Looking after your mental health
I can’t imagine what it must be like going to university today. In the last 18 months, students have faced challenges that would have been unimaginable only two years ago. From a pandemic forcing unprecedented national lockdowns to a new routine of home testing for COVID-19, students are an amazingly resilient bunch who have been asked to cope with so much. Although it can seem like everyone expects our lives to return to normal now, the challenges that we’ve faced can impact our mental health and making the decision about where and what to study was daunting enough before the pandemic.
I graduated from BA (Hons) Graphic Communication in 2013, before I’d even heard of social distancing. During my time at Plymouth College of Art, I was diagnosed with anxiety and depression, followed with a diagnosis of PTSD some years later. I’ve dealt with these conditions for over 10 years and have tried many different techniques to help alleviate the symptoms. Now, working on press and communications for the college, I want to share some of the tips that have helped me and which can hopefully help you as you enter the exciting next stage of your education.
So many people deal with mental health problems, which affect one in four people in their lifetimes. To give you some hope, mental health issues can and are successfully alleviated over time with habitual and lifestyle changes, medication and/or treatments. Speaking as someone who has dealt with mental health issues basically my whole adult life, I promise you, I get it.
It can be a very lonely place and your brain may start to tell you that no-one cares or no-one would want to help but I’m telling you now, your brain’s a liar! Reaching out to friends, family, your cohort or staff will help, a problem shared is a problem halved after all. No-one’s got it all figured out, we’re all just winging it, so it’s okay to be vulnerable with the right people, they’ll help break your fall as you deal with some tough stuff. It’s okay to not be okay. Tell someone.
I know, I know, I can hear the collective groan from here, everyone suggests exercise as a combatant to mental health issues, but in my experience, it’s bang on. Since I started sea swimming (Plymouth is literally COVERED in great wild swimming spots), walking regularly and hitting the gym at least once a week, I’ve noticed such a change to my energy levels and mood.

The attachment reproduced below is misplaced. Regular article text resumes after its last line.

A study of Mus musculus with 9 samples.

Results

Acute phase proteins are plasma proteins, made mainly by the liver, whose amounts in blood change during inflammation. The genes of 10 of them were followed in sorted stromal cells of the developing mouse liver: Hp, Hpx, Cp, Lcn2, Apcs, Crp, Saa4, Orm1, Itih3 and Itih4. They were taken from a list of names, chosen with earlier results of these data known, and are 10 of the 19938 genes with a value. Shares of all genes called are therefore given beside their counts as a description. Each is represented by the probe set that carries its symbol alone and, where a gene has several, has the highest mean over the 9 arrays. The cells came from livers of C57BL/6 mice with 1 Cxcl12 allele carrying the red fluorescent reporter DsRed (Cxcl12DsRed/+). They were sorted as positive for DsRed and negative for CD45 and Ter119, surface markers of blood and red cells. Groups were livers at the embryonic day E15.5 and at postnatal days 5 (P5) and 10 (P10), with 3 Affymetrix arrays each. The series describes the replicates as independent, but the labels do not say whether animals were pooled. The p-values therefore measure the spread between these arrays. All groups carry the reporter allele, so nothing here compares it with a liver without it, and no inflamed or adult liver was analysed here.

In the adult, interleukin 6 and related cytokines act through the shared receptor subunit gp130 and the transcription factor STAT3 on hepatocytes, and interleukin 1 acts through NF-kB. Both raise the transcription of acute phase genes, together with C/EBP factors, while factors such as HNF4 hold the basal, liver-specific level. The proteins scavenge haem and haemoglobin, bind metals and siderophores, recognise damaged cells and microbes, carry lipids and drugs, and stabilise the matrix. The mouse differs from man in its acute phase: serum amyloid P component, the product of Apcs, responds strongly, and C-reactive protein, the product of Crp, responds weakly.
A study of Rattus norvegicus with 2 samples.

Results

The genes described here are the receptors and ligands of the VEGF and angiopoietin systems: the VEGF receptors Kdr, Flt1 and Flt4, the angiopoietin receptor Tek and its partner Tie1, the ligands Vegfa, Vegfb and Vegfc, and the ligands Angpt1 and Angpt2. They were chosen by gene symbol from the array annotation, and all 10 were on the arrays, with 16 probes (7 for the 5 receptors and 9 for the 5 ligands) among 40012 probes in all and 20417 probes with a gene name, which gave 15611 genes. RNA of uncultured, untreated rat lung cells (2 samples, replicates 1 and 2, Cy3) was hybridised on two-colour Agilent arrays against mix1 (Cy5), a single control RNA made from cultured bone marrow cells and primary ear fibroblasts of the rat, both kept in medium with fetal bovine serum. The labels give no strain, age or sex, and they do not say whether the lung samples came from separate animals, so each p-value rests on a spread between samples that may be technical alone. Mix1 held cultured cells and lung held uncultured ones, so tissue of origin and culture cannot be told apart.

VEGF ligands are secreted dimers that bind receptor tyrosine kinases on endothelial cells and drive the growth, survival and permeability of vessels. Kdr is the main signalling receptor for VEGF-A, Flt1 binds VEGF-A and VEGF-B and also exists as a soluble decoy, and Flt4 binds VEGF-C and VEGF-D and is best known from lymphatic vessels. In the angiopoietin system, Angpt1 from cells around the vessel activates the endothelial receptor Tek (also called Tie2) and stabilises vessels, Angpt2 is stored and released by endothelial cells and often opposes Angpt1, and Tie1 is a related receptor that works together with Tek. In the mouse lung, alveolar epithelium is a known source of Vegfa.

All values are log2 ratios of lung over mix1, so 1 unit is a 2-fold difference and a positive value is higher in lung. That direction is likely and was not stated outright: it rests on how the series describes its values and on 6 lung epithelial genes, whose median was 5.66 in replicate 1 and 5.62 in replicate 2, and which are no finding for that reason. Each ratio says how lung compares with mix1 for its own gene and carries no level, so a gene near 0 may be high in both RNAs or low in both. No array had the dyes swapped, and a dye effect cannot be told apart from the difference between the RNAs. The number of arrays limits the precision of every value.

I’m not saying you should start chugging back the protein shakes and start listening to Joe Rogan’s podcast, but a little movement goes a really long way. Baby steps to start, have a walk around the block, do a 10 minute workout from a YouTube video or brave a dip in the sea for 5 minutes; your body will thank you. Make it manageable and make sure you reward yourself afterwards, you’ll definitely want to do it again!
Again, it feels silly to talk about breathing when it can feel like you’re drowning under the weight of your mental health issues, but breathwork really can help in the here and now. For example, if you deal with anxiety or panic, gaining control over your breathing can be the difference between a full blown attack and a close call. The best advice I ever got for slowing down and stopping a panic attack was engaging my senses and controlling my breath. It’s this simple: If you feel the beginnings of panic, focus on your breathing. Fill your belly with breath, breathing in for four seconds, then hold on that in breath for two seconds, followed by exhaling slowly for six seconds.
I find that this method forces me to focus on my breathing and takes my attention away from what’s panicking me, slowing down the attack. Mindfulness, CBT and lots of other therapies for mental health incorporates breathing to challenge the fight or flight response your body goes through when it feels threatened or scared. If you’d like to know more about breathwork, you can find lots of helpful guided meditation and breathwork resources on YouTube.
I know it can be daunting at first, the thought of socialising when you’re feeling low, but meeting new people and connecting with others is a great way to get out of your own head. The Students’ Union (PCA:SU) at the college is a great place to start with chilled out socials to get you socialising again.
Turn up with a sketchbook and pens to a Drink & Draw, check out the list of clubs and societies to see if there’s anything you’re into, or take the plunge and try something new like surfing or rock climbing to break the ice. PCA:SU President and Manager Harriet and Paige are also certified mental health first aiders, so don’t be afraid to approach them if you’re having an emergency.
The Student Support team at the college are an excellent bunch, with a whole lot of resources for you to make use of. Unlike a lot of universities, there are no 12-week waiting lists for one-to-one counselling at Plymouth College of Art. If you book an appointment, you can expect to see someone in a reasonable amount of time. The team also offers holistic mental health practices, from acupressure and ear acupuncture, wellbeing walks, talks and workshops on everything from stress and anxiety management to boosting low confidence and self esteem. Book through the Student Support homepage or keep up to date with what’s on offer on their Instagram page.
I hope you were able to get something out of the above tips, it can be a lonely place dealing with mental health, but I promise that there is hope. Please don’t feel alone, there are also many phone lines, charities and listening services available, which I’ve listed below, that can help you through any crisis, so don’t be afraid to get in touch with them too. Be safe, make good choices and know that you got this!